It's been called the botanical discovery of the century.
It was 16 years ago this month when Australian outdoorsman David Noble went on a hike less than 100 miles from downtown Sydney. David and two companions descended into a deep, sheltered canyon in the rugged Blue Mountains. Exploring the remote canyon, he came upon a small group of odd-looking trees.
The trees had unusual bark that resembled bubbles of chocolate, multiple trunks, ferny-looking leaves and were up to 100 feet tall. Curious, Noble took a fallen branch home to show to Wyn Jones, a senior naturalist with the National Parks and Wildlife Service. After a cursory glance, Jones told Noble that he thought the branch was from a fern.
"No," Noble said, "It's from a bloody great big tree."
Two weeks later, the two returned to the canyon with Jones to see the trees in the wild. They definitely were not ferns.
After considerable taxonomic research by botanists at both the National Parks and Wildlife Service and the Royal Botanic Gardens Sydney, the tree was finally revealed to the world by Ken Hill, senior botanist at the Royal Botanic Gardens.
Three months after Noble first set eyes upon these odd plants, his discovery was declared. It was Wollemia nobilis, a new genus and species. The trees were instant celebrities, and the news traveled quickly around the world.
For botanists, the discovery of these trees was akin to finding dinosaurs alive on Earth — and only 100 miles from a major metropolitan center!
In all, the wild population was placed at 76 trees and 200 seedlings. Wollemia nobilis had been discovered — or rediscovered. Thought to have been extinct for 90 million years, it previously was only known from a few fossil remnants dating back as far as 150 million years.
It was named in honor of both the region and its discoverer. Wollemi is an aboriginal word meaning "look around you, keep your eyes open and watch out." Nobilis pays tribute to its discoverer, Noble. Wollemi pines are members of the ancient Araucariaceae family, along with better known relatives like the Norfolk pine and monkey puzzle tree. All are plants of the southern hemisphere, found in isolated populations in South America, New Caledonia, New Zealand, New Guinea and Australia.
The Australian government deserves great credit for its work to protect and conserve this rare species. The location of the pines is kept completely secret, and there is a $220,000 fine for anyone going near them. Only a very small number of researchers are allowed to visit the pines, and they must follow strict quarantine measures, such as changing their clothes upon entering the grove to prevent the introduction of weeds or diseases. Measures have also been taken to protect the trees from wildfires.
The cones on Wollemi pines are both male and female, with only the female cones viable for germination. Propagation of the tree has been tedious, and there was a huge buzz when the first cultivated trees were made available by auction through Sotheby's. It was like an international art auction. Botanical gardens and others with sufficient bidding dollars paid thousands for the first trees — and bragging rights. The highlight of the auction was $150,000 paid for 15 trees grown from cuttings of the original, wild trees. The average price per tree was $3,600. Royalties from the sale of these first plants were swiftly returned to fund further conservation of the Wollemi pine.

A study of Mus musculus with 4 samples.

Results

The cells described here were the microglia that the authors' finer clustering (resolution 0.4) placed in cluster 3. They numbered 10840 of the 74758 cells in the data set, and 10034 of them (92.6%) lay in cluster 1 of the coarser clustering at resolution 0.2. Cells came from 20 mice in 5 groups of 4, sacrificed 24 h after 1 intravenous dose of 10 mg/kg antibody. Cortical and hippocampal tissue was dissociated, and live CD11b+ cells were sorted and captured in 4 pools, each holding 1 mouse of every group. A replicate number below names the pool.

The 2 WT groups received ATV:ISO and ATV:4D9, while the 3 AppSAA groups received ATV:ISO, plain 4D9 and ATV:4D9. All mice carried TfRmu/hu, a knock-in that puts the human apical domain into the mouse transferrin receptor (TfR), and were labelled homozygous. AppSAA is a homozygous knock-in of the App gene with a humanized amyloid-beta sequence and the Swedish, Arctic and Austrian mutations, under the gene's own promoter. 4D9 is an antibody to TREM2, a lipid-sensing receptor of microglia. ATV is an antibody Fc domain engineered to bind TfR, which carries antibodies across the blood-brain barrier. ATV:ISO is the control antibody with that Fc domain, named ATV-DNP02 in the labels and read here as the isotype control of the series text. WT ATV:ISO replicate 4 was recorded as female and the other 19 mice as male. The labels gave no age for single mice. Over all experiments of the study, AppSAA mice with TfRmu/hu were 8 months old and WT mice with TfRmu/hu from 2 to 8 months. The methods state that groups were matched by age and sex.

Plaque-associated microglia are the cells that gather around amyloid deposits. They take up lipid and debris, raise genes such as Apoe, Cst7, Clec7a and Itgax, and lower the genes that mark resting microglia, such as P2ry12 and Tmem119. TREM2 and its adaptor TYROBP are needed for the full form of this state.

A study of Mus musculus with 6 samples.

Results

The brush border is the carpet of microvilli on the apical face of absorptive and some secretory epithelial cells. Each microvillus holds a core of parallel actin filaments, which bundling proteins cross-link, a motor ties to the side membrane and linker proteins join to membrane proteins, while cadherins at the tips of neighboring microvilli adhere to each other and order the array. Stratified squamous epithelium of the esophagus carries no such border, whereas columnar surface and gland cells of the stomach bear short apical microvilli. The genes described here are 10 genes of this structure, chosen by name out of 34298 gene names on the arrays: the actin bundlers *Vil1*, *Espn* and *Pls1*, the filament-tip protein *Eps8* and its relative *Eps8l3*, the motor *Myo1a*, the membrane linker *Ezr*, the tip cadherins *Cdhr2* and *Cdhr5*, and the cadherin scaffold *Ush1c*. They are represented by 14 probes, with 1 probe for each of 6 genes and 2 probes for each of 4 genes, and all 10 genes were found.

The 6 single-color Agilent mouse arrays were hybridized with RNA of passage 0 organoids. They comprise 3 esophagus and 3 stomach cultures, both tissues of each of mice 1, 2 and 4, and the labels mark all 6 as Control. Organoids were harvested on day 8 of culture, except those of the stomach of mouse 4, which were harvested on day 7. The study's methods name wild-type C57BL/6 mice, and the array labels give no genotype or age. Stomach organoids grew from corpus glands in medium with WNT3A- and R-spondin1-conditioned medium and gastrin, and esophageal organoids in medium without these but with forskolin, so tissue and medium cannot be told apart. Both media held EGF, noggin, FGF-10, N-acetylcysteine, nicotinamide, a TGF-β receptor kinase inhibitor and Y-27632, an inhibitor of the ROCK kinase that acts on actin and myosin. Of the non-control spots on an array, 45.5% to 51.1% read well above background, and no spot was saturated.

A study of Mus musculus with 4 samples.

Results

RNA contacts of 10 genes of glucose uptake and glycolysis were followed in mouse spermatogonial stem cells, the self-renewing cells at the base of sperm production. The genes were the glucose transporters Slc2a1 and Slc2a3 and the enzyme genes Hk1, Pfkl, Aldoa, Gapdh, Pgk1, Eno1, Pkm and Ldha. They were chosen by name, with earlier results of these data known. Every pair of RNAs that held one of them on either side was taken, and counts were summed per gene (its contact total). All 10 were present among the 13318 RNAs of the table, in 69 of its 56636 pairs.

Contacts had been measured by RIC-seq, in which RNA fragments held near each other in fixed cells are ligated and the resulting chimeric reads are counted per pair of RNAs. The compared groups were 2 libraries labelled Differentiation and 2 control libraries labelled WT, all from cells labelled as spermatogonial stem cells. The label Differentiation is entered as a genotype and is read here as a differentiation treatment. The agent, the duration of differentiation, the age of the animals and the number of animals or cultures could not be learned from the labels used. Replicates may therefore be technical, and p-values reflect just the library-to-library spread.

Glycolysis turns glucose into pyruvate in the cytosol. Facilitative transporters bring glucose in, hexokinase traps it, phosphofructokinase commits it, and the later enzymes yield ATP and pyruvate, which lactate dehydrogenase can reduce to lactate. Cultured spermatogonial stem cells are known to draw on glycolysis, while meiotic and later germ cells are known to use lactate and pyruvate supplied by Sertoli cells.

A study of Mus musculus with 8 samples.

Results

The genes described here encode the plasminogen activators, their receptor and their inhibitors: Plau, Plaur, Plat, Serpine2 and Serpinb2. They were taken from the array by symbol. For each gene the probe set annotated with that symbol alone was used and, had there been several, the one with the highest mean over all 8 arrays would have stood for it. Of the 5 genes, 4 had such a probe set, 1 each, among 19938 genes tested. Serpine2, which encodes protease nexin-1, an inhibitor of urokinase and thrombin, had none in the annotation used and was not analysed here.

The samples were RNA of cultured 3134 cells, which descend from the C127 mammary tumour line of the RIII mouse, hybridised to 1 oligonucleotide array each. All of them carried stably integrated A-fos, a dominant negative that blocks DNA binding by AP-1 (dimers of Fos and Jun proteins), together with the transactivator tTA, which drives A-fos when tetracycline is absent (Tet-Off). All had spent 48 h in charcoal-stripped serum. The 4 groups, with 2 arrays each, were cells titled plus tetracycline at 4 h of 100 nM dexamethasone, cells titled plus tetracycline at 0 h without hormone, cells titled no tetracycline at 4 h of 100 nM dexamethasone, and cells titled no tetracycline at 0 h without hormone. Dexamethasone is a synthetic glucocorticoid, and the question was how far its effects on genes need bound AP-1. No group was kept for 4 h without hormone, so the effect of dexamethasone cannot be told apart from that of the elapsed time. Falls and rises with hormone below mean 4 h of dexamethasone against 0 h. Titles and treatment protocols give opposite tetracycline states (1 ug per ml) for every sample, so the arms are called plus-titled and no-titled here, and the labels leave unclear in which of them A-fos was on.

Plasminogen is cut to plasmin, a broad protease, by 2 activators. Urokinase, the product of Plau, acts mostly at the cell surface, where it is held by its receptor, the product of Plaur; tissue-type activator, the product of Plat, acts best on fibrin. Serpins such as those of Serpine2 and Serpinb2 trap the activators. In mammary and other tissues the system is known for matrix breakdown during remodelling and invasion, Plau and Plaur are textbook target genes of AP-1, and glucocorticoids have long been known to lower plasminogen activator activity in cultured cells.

The first trees planted in public spaces were equally newsworthy and were placed only in well protected, high security facilities. It was actually quite funny to see these young plants locked up. I recall visiting Kew Gardens, outside London, a few years ago and seeing a lone Wollemi pine in the famous garden, locked behind a metal cage, with security personnel watching dutifully from a distance.
I was lucky enough to acquire a small Wollemi pine in December 2006, and I treasure it. Wollemi pines grow quite well in our Southern California gardens. Today, a handful of these incredibly rare plants are available at a few nurseries.
The story of the Wollemi pine is just one grand example of the need to conserve our remaining natural areas. You never know what you might find.
RON VANDERHOFF is the nursery manager at Roger's Gardens, Corona del Mar.
What fertilizer do you recommend for feeding succulents?
Bruce, Costa Mesa
Succulents are light feeders. Many general-purpose, balanced fertilizers can be used, but reduce the quantity 50% from whatever the instructions indicate. My best suggestion would be to use an organic fertilizer labeled for tomatoes. Succulents prefer a little additional calcium, as do tomatoes. The mild, slow feeding qualities of an organic fertilizer would suit succulents quite well.
ASK RON your toughest gardening questions, and the expert nursery staff at Roger's Gardens will come up with an answer. Please include your name, phone number and city, and limit queries to 30 words or fewer. E-mail firstname.lastname@example.org, or write to Plant Talk at Roger's Gardens, 2301 San Joaquin Hills Road, Corona del Mar, CA 92625.